Culture

by Mike Masnick


Filed Under:
copyright, europe, public domain, us



The US's Public Domain Class Of 2013

from the short-list dept

Every year, we talk about how January 1st is public domain day in many parts of the world, but thanks to constant copyright term extension, the US is left waiting and waiting and waiting -- kind of like the famous play by Samuel Beckett, which entered the public domain in many places around the world in 2011, but is still covered by copyright here.

The folks at the Public Domain Review have put together a nice list (and photo!) of the "Class of 2013": content creators whose works will be going into the public domain on January 1, 2013 in large parts of the world, including the EU, Brazil, Russia and many other places. To help out, I thought I'd put together the list of content creators whose works are entering the public domain in the US in 2013:
Yeah. It looks suspiciously like last year's list. And the year before that. And before that. And so on. Oh, and also... I hate to ruin the surprise, but next year's list? Pretty much the same. Year after that? Yeah, that too. For anyone who actually understands the value of the public domain in enriching and enhancing culture, the fact that the US -- at the behest of the entertainment industry, which has often mined the public domain for its own works -- isn't just shameful, it's downright despicable. We're stifling our own culture.

    jameshogg (profile), 21 Dec 2012 @ 10:14pm

    Destroying the public domain: taking everything, and giving you nothing in return.

    Well who WOULD want to release their works into the public domain? The works always suffer from legal technicalities that allow outsider companies to buy them back into copyright protection.

    Just imagine... a self-righteous corporation could take MY works (in the sense that I made them, not the IP sense) that I put into public domain and wriggle around enough until they have copyrighted it FOR THEMSELVES... meaning that I no longer have any say in the creative process of those works. Yes. I as the original artist could get sued for expanding on my works by a corporation that had FUCK ALL to do with the creative process. The very idea. It makes me physically sick.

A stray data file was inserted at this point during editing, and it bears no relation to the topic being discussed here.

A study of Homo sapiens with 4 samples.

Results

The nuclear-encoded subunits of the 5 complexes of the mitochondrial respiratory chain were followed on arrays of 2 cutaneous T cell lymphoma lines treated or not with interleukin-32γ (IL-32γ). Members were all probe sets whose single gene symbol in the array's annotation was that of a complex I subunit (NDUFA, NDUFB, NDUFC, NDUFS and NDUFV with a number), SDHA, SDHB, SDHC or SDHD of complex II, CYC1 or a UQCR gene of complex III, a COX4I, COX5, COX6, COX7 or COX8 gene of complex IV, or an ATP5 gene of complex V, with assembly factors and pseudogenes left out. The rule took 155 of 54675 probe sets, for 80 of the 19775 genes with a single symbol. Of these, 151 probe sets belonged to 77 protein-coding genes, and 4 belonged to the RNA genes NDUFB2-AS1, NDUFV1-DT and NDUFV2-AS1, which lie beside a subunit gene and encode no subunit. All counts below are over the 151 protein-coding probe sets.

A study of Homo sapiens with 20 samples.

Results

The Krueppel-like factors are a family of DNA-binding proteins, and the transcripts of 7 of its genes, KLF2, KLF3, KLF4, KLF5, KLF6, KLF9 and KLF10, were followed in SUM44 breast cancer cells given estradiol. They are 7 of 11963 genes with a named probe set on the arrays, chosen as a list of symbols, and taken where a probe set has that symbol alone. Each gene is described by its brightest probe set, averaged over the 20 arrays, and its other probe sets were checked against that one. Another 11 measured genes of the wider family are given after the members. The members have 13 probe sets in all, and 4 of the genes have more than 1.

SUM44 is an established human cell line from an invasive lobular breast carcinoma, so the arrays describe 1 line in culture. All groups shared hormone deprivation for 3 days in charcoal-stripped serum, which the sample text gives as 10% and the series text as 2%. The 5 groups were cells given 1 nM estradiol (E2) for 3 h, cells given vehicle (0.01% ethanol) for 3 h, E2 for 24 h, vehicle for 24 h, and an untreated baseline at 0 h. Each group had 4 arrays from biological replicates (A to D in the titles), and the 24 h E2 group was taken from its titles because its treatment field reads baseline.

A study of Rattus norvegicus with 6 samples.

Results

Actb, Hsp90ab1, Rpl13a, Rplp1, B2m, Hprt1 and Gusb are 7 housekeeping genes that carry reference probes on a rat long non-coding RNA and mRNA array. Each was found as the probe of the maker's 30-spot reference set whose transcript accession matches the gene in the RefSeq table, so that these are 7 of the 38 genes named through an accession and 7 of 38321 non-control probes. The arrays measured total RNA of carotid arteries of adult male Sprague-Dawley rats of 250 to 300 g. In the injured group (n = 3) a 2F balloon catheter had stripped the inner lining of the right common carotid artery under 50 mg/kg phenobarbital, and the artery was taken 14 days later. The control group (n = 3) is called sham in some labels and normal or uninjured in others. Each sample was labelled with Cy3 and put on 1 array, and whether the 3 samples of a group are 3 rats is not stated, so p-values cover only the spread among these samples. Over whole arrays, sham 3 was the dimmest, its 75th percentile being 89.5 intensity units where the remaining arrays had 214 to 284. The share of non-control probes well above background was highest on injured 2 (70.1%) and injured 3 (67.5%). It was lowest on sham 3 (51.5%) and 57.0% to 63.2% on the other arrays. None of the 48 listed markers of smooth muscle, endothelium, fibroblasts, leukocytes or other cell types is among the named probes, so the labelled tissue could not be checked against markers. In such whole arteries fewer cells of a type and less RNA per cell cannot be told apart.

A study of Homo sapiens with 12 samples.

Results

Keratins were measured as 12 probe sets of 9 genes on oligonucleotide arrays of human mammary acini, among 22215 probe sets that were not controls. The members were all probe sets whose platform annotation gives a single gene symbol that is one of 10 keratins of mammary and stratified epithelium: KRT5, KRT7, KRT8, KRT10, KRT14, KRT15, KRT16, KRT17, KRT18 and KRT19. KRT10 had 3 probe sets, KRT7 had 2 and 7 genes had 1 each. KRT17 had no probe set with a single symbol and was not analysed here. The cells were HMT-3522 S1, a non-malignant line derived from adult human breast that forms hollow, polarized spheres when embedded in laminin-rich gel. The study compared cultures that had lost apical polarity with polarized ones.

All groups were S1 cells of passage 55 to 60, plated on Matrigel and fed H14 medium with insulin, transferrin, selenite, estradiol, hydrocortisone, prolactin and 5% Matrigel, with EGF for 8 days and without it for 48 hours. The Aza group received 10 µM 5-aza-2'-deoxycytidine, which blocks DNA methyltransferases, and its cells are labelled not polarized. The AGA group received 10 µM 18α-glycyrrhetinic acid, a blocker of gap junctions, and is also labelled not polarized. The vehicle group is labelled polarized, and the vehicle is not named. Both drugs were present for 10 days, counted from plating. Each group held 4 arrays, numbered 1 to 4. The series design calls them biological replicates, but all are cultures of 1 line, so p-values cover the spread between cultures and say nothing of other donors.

Copyright is an absolute piss stain in this respect. And the above point means I have to have it on my works... not because I want to use it to go on a sue-streak against others, but because a company might buy it out of the public domain otherwise and go on the sue-streak themselves... in the name of my works. It is a bit like the recent gun debate going on: even although guns are dangerous apparently it is a good idea to have one because everyone else has one, and that we cannot uninvent the gun and etc etc with the excuses... thankfully we CAN uninvent copyright by simply getting rid of it from law. And then once artists get their incentives from virtual ticket websites like IndieGoGo and Kickstarter we can then look back on copyright and think "what on Earth was all that about?"

    The whole point is there shouldn't BE any copyright protection to begin with! That way companies would not be able to destroy the public domain. Copyright is a dangerous buck of power that constantly gets passed around to the highest, most powerful bidder all in the name of "saving the artists from slavery"... can anything be more fucking contemptible? Don't you dare tell me that a mentality that wishes to take the rights and dignity from artists by using works against their will is somehow a mentality that favours the artist more than the corporations.

    Eliminate copyright from the equation, get incentives with all-or-nothing crowdfunding, solve the moral issues of defamation, plagiarism, libel, branding and officiality on their own, and take a massive weight off of the artist's shoulders. Occam's Razor holds true here: the simplest explanation is probably the best one. Do not multiply unnecessary constants.